Amid two wrongful death lawsuits, Panera to pull the plug on “charged” drinks

Dispensers for Charged Lemondade, a caffeinated lemonade drink, at Panera Bread, Walnut Creek, California, March 27, 2023.
Enlarge / Dispensers for Charged Lemondade, a caffeinated lemonade drink, at Panera Bread, Walnut Creek, California, March 27, 2023.

Panera Bread will stop selling its highly caffeinated “Charged” drinks, which have been the subject of at least three lawsuits and linked to at least two deaths.

It is unclear when exactly the company will pull the plug on the potent potables, but in a statement to Ars Tuesday, Panera said it was undergoing a “menu transformation” that includes an “enhanced beverage portfolio.” The company plans to roll out various new drinks, including a lemonade and tea, but a spokesperson confirmed that the new flavors would not contain added caffeine as the “charged” drinks did.

The fast-casual cafe-style chain drew national attention in 2022 for the unexpectedly high caffeine levels in the drinks, which were initially offered as self-serve with free refills.

The versions of the drinks at the time were labeled as containing 389 mg to 390 mg of caffeine in a large, 30-ounce drink, while the other option, a 20-ounce regular, contained 260 mg. According to the Food and Drug Administration, a limit of 400 mg of caffeine per day is generally considered safe for healthy adults, but a smaller amount is advised for adults with certain medical conditions or who are pregnant or breastfeeding. A standard 8-ounce cup of coffee generally contains between 80 to 100 mg of caffeine, while a Red Bull energy drink also contains 80 mg.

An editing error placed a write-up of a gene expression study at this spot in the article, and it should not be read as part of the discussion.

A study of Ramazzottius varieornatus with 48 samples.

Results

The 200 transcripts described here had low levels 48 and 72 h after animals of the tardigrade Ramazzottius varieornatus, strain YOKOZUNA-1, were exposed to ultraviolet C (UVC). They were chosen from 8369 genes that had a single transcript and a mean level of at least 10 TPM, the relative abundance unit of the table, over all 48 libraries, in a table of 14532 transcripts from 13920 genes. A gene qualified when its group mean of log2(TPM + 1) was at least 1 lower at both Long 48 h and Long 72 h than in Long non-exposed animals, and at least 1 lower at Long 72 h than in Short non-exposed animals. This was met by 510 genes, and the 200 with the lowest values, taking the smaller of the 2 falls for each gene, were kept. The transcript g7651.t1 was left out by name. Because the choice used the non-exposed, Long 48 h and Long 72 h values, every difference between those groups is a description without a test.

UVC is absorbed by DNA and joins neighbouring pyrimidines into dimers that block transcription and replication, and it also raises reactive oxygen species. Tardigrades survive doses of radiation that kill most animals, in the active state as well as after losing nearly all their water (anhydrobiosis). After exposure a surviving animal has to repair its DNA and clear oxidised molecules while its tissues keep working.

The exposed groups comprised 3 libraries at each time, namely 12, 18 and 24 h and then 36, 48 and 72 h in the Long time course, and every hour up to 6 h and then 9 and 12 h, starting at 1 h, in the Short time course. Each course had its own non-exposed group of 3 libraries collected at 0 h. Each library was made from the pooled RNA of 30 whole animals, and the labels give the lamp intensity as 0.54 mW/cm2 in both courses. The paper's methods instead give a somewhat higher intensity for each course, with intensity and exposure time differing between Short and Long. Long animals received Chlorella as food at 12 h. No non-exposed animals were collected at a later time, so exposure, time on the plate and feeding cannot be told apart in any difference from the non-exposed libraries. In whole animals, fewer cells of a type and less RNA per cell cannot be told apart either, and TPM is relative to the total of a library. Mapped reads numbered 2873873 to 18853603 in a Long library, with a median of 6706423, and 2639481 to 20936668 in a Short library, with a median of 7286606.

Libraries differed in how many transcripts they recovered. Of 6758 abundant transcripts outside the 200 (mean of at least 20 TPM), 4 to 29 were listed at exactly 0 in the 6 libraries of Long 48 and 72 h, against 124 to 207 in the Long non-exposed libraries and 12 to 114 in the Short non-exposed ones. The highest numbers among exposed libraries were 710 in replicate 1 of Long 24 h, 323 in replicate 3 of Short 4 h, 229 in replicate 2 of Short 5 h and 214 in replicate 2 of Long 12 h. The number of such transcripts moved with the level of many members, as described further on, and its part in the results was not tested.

In September 2022, Sarah Katz, a 21-year-old with a heart condition, died after allegedly drinking one of the highly caffeinated lemonades from a restaurant in Philadelphia. In a wrongful death lawsuit filed against Panera in October 2023, Katz’s parents alleged that she didn’t know the drink contained potentially dangerous amounts of caffeine.  Rather, she was “reasonably confident it was a traditional lemonade and/or electrolyte sports drink containing a reasonable amount of caffeine safe for her to drink,” the lawsuit stated.

Also in October, Dennis Brown, a 46-year-old man in Florida, went into cardiac arrest while walking home from a Panera, where he allegedly drank a charged lemonade and then had two refills. His family filed a lawsuit against Panera in December.

According to CNN, a third lawsuit was filed in January by a woman who claims she developed an irregularly fast heartbeat and palpitations after drinking the two-and-a-half caffeinated lemonades in April 2023. “The primary reason she ordered this drink was because it was advertised as ‘plant-based’ and ‘clean,’” the complaint states.

In a statement to Ars in December, Panera said it “stands firmly by the safety of our products.” However, the company increased warnings on the drinks last year and moved containers behind the counter in some stores. Most notably, it also reduced the labeled amount of caffeine in the drinks. The current menu lists the “Charged Sips” drinks as having between 155 mg to 302 mg, depending on the flavor and size.